Natalie moved from the UK to New Zealand in 2008 as a house surgeon. She has completed her training to date in the Wellington region and is an advanced trainee in adult medicine and geriatric medicine at Hutt Hospital.
Mixed-Gender Accommodation in Wellington Hospital: Prevalence, Trend over Time and Vulnerability of the Elderly
To determine the prevalence of mixed-gender accommodation or “mixed bedding” on medical and surgical wards at Wellington Public Hospital, New Zealand between 2011 and 2018. To determine whether the prevalence is increasing with time and whether older adults are disproportionally affected.
Data was obtained retrospectively from the electronic medical records representing admissions to Wellington hospital between 2011 and 2018 over eight different medical and surgical wards. Mixed bedding was defined as male and females sharing a bay. A bay was defined as any beds in a space not separated by a wall and door. An admission was said to have been affected if the patient had spent at least one night of their admission in a bay with a patient of the opposite gender.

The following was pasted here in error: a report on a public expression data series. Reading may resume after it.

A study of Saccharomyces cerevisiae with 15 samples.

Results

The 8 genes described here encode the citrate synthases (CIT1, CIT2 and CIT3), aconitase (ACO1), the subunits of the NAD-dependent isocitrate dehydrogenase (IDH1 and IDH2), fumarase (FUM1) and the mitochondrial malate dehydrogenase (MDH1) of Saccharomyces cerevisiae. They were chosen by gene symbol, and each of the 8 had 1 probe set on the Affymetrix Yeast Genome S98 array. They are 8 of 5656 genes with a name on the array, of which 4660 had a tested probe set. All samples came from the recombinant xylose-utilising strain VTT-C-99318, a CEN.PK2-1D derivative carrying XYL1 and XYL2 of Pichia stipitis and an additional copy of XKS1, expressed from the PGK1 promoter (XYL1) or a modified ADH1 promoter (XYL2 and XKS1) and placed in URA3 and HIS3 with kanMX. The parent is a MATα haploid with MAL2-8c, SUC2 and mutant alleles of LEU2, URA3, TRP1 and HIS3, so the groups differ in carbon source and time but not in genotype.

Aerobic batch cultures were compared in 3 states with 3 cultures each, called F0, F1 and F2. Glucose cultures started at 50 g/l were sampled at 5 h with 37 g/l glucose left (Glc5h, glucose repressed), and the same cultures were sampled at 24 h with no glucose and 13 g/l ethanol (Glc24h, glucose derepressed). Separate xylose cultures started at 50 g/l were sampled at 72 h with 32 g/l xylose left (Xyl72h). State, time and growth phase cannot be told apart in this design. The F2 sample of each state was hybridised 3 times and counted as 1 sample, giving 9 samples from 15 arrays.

There were 141,631 admissions over the study period, of which 47% were affected by mixed-gender accommodation. Mixed bedding was more prevelant in older age groups. 62% of admissions relating to patients aged 85 or older were affected by mixed bedding compared to 50% of those aged 65-84, 42% of those aged 40-64 and 38% of those under 40. The prevalence is rising overall with 36% of patients affected in 2011 compared to 52% in 2018.
This data demonstrates that mixed bedding is common, is increasing over time and, despite greater physical and cognitive vulnerability disproportionately affects the elderly. We believe this practice is unnecessary, violates dignity and may place female patients in situations where their personal safety is compromised. Mixed bedding has been shown to be an affront to patient’s dignity. In the UK, public hospitals are now required to routinely report their rates of mixed bedding as a key performance indicator. Anecdotally, we believe this practice is commonplace throughout New Zealand hospitals and possibly other countries with similar pressures on their public health systems. We urge hospital management and government to act urgently to eliminate this practice.